Making Music in the Garden, Part 3

Making Music in the Garden, Part 3

This post is a continuation of a lesson from June called Making Music in the Garden: A Summertime Lesson in Music Integration. View part 1 and part 2 here.

How do you think nature and music are connected?

Peas don’t just come from the frozen section in the groceries store, and music isn’t just for professionals on the radio. In the hustle and bustle of modern life, it is easy to forget where the things we enjoy come from, and how we can take part in bringing these things to life.

Do you, or I, or anyone know how oats, peas, beans, and melodies grow?

We’re big into music integration at Music in Schools Today. Even though school is out and music programs are on a brief hiatus, it’s still important to integrate music into children’s everyday lives.

Here is a taste of one of our programs, Nature of Music. This lesson integrates music into learning about nature in the garden, by planting seeds that will grow into delicious snacks in just a few weeks time. It’s a good way to get kids outside learning about the world around them, and about science and music. Try it this summer! Get outside, make some music, and learn something!

In our last lesson, we planted pea plants and learned about the parts of a plant and what they do through singing the song Roots, Stems, Leaves. In this lesson, we will build on that knowledge, and introduce new information about how to take care of our pea plants!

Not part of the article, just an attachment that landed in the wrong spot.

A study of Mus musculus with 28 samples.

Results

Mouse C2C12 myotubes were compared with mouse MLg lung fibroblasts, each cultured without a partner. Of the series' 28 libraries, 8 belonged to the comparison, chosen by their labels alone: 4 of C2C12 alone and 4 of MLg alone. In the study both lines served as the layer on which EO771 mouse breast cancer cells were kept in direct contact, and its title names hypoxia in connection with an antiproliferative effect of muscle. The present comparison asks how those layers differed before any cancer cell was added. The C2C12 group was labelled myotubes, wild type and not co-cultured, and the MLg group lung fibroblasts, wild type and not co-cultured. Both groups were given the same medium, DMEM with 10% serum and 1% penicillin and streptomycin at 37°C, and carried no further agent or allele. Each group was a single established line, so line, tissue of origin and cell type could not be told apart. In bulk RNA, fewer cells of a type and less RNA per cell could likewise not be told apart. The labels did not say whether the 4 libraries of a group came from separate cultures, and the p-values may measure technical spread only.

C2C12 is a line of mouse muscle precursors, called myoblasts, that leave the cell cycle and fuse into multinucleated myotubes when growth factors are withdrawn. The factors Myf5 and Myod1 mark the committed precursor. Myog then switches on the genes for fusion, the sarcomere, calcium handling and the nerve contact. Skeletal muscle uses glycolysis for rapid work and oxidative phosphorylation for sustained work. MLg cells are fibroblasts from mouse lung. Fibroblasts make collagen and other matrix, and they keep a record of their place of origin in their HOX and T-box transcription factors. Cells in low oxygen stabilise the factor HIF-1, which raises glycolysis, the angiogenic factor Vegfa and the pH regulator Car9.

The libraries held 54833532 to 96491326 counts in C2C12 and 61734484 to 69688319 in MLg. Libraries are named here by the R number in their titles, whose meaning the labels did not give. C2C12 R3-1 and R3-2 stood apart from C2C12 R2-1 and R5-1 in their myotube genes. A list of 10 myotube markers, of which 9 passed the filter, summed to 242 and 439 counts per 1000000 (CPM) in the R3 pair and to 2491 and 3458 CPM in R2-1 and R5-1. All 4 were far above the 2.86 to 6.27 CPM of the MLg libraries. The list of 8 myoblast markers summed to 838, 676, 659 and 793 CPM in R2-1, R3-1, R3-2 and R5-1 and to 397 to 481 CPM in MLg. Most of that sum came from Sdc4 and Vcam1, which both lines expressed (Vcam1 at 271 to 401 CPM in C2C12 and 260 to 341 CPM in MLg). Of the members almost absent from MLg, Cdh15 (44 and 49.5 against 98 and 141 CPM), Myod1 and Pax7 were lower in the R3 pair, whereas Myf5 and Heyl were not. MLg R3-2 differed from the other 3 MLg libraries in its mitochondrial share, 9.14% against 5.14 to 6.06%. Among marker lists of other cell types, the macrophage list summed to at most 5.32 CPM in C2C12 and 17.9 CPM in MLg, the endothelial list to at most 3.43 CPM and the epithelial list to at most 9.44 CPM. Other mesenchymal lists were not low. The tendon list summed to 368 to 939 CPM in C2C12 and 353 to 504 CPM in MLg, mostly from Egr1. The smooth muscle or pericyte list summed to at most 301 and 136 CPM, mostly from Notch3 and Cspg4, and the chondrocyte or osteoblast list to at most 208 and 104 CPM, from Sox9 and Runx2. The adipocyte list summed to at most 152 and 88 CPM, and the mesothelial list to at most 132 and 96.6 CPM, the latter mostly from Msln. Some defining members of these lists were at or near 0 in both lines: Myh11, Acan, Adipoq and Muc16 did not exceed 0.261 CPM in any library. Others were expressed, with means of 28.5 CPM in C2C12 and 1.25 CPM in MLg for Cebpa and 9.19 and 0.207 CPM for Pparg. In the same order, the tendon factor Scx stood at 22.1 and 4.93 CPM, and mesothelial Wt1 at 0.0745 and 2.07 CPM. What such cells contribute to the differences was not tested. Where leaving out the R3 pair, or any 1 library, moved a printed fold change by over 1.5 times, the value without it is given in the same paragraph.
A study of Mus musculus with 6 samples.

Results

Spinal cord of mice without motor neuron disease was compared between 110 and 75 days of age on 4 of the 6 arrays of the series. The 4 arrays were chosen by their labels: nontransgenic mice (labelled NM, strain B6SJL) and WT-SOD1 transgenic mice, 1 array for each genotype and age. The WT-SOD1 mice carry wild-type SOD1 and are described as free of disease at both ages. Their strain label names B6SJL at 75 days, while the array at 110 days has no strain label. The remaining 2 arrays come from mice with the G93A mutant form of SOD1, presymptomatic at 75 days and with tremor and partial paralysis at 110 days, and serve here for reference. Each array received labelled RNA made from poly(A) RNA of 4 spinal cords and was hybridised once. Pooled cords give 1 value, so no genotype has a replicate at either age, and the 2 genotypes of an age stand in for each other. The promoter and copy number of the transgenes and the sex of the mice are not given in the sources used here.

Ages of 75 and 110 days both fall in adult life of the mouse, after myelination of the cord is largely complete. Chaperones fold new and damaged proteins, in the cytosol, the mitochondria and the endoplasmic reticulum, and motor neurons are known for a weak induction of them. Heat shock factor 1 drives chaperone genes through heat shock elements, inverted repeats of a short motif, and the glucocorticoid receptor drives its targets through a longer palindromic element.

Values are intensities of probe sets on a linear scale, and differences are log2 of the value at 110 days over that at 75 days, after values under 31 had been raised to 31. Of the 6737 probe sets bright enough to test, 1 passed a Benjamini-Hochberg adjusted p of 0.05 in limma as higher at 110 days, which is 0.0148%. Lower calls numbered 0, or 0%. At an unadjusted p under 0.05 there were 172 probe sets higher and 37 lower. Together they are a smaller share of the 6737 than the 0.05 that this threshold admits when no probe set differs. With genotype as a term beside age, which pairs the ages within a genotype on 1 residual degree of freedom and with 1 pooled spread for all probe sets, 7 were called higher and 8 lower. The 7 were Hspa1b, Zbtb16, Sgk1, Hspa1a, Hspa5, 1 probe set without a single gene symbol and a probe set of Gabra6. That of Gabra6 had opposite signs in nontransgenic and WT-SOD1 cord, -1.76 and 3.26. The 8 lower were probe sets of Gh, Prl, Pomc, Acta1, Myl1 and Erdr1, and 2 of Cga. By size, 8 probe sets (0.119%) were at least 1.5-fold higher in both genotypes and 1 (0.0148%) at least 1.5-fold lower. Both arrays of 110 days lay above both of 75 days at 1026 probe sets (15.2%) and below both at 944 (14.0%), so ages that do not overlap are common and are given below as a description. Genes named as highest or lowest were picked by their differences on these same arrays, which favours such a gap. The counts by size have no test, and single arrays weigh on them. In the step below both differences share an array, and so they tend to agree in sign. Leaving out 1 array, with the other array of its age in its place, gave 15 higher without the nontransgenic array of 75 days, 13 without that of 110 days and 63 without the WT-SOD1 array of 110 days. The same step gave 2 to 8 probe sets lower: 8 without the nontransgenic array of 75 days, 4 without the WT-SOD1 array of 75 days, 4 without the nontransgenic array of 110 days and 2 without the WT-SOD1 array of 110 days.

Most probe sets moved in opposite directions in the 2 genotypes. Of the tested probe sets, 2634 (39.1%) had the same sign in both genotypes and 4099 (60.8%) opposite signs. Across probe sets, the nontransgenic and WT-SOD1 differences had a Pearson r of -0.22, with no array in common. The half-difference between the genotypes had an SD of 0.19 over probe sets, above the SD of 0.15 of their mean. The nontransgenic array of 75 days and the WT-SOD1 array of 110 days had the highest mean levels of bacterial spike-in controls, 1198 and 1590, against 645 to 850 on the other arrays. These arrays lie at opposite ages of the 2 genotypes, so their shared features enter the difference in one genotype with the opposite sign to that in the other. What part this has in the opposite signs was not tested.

You will need:

  • Xylophones, drums, or other percussion instruments
  • The song Decomposition
  • The Carrot Seed By Ruth Krauss
  • “Plant parts” paper from the lesson before, including the one bar rhythmic phrase the class composed.

Activity:

Review parts of the plant and rhythm activity from last week. 

Initiate a discussion about nurturing and taking care of plants. What is involved in caring for a plant? Discuss and take notes in journals.

Next, read the story “Carrot Seed” and discuss the themes in the book as it relates to growing plants. Focus on patience, nurturing and caretaking. Ask students how this applies to their pea plants. What can they do to make sure their plant grow big and healthy?

Transition into Rhythmic Composition Activity:

Sing through the songs learned in previous lessons: Roots, Stems, Leaves and Oats, Peas, Beans, and Barley Grow. Next, review the Decomposition song, singing along with and xylophones, drums, or other percussion instruments. When you are finished, continue with “Rhythmic Composition” lesson from lesson before, reviewing the definition of the word “bar”, meaning four-beat phrase.

Guide the class into making a four-bar phrase using the same technique as the day before, making combinations of 1 syllable/2 syllable/4 syllable words and then convert them into a rhythm. Practice playing the 4 bar phrase as a whole class.

Next, have one group play the one-bar four-beat phrase repetitively. Explain that this is called an ostinato. Have the other group play the 4 bar phrase at the same time. Have students discuss how this sounds and experiment with other four-beat phrases.

Finish by caring for the pea plants and perhaps playing with ostinato in their performances of songs from previous lessons.

 

 

If you do this activity, tell us about it in the comments! We would love to hear what you and your students think.